Artwork by Kristina Kamicka

Studio

FINE 150: Appreciation and Expression
This course is designed for students who are not in the Fine Arts program but are interested in developing their appreciation of visual arts through studio practice. Course content varies each term and typically includes drawing, painting, sculpture, and print media.
Note: This course cannot be used to fulfill Fine Arts degree requirements.

FINE 130: Introduction to Digital Imaging
This online course is an introduction to current imaging software that students use to explore contemporary topics through digital imaging. This course is taught from a Fine Arts perspective.

Visual Culture

Most Visual Culture courses taught in the Fine Arts department are open to non-Fine Arts majors and minors. These consist primarily of art history and film studies courses. Consult FINE and VCULT courses for options.

FINE 293 & 393: Fine Arts Abroad

Fall 2017:

VCULT 200 is an interdisciplinary course that will probe these topics in detail by looking at various examples of what we call visual culture today: from music videos, contemporary film, Twitter and Facebook feeds, to advertising, contemporary art, and multimedia. This course is offered through the department of Fine Arts and is open to students in level 2A

Today we are bombarded with images in private and public spaces through a variety of visual technologies. We are exposed to many different representational practices. Images are deeply involved with the questions of politics, representation and cultural meaning because they are constantly around us. They project specific ideas, tell different stories and influence our decisions, values and behaviors. In the new 'digital' world, in which technology enhances our vision and manipulates what we see, how do we position ourselves vis-a-vis ideas of truth, meaning and originality? What is true, or original? Is there a point in even asking what is a copy? Therefore, the question of what visual culture is, is not just a question of what images are or their history, rather a question of how images participate in the creation of contemporary consciousness (both public and private), how they make meaning, engage different discourses, and finally construct the world and reality as we know it.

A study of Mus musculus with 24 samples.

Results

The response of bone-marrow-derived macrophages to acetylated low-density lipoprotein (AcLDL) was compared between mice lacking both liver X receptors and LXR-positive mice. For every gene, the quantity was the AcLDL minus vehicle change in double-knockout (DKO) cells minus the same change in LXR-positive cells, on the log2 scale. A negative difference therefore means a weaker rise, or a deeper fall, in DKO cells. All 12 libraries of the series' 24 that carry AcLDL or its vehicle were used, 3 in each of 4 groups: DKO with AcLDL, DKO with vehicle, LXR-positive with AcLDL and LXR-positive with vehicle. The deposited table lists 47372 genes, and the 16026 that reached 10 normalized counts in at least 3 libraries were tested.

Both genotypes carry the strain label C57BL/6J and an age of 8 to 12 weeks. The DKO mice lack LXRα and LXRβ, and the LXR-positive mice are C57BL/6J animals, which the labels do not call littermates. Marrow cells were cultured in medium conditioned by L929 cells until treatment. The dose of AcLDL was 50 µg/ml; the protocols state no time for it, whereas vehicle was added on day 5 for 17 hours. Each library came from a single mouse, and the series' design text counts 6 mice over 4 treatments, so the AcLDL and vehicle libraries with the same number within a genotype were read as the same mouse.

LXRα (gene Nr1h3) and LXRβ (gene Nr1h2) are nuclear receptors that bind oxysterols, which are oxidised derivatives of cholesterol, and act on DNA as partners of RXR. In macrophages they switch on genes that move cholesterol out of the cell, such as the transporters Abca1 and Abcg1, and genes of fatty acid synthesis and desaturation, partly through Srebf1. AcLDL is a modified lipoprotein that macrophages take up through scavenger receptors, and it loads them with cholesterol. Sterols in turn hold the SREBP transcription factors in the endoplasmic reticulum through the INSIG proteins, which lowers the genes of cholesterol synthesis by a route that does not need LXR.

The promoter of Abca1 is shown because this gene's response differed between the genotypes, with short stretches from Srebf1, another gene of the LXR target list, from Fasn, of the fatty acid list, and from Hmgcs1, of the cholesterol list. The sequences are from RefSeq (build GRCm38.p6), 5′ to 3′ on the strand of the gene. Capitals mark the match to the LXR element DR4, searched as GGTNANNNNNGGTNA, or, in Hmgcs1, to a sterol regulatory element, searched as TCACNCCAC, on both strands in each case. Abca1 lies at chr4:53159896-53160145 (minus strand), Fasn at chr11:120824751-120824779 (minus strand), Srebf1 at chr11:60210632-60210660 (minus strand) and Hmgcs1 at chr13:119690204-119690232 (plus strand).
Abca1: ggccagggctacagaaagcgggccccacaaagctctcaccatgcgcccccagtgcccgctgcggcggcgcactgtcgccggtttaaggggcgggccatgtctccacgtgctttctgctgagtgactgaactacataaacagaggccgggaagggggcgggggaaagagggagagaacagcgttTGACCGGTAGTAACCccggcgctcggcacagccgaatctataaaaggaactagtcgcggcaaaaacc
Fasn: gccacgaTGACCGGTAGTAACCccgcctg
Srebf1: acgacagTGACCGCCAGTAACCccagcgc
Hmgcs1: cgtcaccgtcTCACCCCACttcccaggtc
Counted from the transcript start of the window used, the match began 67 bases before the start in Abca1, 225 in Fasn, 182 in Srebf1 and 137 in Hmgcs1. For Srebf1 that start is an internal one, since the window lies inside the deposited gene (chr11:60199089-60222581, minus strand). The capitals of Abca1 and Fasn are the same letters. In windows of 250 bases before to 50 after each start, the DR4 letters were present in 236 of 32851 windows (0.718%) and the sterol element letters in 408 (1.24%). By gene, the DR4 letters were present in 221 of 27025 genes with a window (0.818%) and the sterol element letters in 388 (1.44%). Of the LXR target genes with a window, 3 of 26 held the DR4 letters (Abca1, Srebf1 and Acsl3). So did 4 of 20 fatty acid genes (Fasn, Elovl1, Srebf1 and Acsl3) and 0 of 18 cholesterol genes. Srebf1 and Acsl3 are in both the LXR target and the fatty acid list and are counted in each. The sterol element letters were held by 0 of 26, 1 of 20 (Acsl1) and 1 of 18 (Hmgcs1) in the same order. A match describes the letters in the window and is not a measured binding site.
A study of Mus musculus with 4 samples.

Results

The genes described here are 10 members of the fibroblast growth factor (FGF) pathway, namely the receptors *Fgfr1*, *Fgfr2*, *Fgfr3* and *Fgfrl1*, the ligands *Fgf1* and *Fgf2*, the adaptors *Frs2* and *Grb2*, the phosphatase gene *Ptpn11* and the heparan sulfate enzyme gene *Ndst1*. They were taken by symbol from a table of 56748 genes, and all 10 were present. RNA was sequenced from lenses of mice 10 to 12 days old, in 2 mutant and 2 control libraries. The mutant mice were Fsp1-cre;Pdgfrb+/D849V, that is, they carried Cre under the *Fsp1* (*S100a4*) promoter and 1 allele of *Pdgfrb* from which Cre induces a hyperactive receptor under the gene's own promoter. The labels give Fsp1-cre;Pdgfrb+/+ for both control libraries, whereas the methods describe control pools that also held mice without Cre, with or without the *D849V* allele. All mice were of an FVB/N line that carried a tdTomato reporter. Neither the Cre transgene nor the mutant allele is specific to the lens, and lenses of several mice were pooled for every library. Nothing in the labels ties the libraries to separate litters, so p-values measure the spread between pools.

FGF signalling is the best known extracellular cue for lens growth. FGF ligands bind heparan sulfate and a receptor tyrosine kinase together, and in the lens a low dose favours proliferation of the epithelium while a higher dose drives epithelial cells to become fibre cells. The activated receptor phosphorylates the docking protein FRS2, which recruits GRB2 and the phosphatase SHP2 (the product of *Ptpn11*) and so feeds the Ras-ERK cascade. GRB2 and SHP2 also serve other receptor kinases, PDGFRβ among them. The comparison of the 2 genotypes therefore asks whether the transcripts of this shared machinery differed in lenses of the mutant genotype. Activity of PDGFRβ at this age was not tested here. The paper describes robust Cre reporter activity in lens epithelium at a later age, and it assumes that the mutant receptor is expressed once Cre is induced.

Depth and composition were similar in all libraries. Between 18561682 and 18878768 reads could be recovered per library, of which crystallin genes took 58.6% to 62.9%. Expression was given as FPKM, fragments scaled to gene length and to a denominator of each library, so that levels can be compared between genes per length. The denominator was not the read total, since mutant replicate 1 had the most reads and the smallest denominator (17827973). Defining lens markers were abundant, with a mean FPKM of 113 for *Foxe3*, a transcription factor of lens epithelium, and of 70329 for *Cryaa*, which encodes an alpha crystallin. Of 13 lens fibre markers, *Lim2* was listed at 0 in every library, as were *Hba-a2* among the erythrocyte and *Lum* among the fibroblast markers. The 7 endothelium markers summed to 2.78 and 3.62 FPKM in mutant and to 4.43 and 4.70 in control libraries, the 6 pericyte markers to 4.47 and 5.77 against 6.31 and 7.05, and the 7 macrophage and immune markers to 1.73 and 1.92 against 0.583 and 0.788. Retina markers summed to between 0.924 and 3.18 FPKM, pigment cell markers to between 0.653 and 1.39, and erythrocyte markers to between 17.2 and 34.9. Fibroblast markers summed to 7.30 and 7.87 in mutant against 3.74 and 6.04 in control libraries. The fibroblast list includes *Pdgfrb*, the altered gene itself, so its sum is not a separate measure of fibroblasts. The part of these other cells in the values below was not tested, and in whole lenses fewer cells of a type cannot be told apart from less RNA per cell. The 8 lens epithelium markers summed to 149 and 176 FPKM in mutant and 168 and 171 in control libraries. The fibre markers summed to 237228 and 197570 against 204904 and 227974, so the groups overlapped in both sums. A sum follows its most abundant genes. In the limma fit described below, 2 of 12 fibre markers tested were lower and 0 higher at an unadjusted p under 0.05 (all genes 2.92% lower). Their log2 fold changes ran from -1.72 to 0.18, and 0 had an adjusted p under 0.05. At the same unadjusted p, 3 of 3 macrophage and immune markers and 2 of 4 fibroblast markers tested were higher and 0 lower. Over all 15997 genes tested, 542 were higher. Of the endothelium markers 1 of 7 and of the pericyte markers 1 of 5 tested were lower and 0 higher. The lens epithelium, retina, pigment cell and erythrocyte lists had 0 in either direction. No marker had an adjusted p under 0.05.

If you are interested in taking the course please contact Karin Staley or  Bojana Videkanic.

Computational Fine Arts option

The Computational Fine Arts Option is available for the Bachelor of Computer Science and Bachelor of Mathematics (Computer Science) plans. This option gives Computer Science students an opportunity to develop creativity and critical thinking, ultimately applying their computer science skills to create works of art.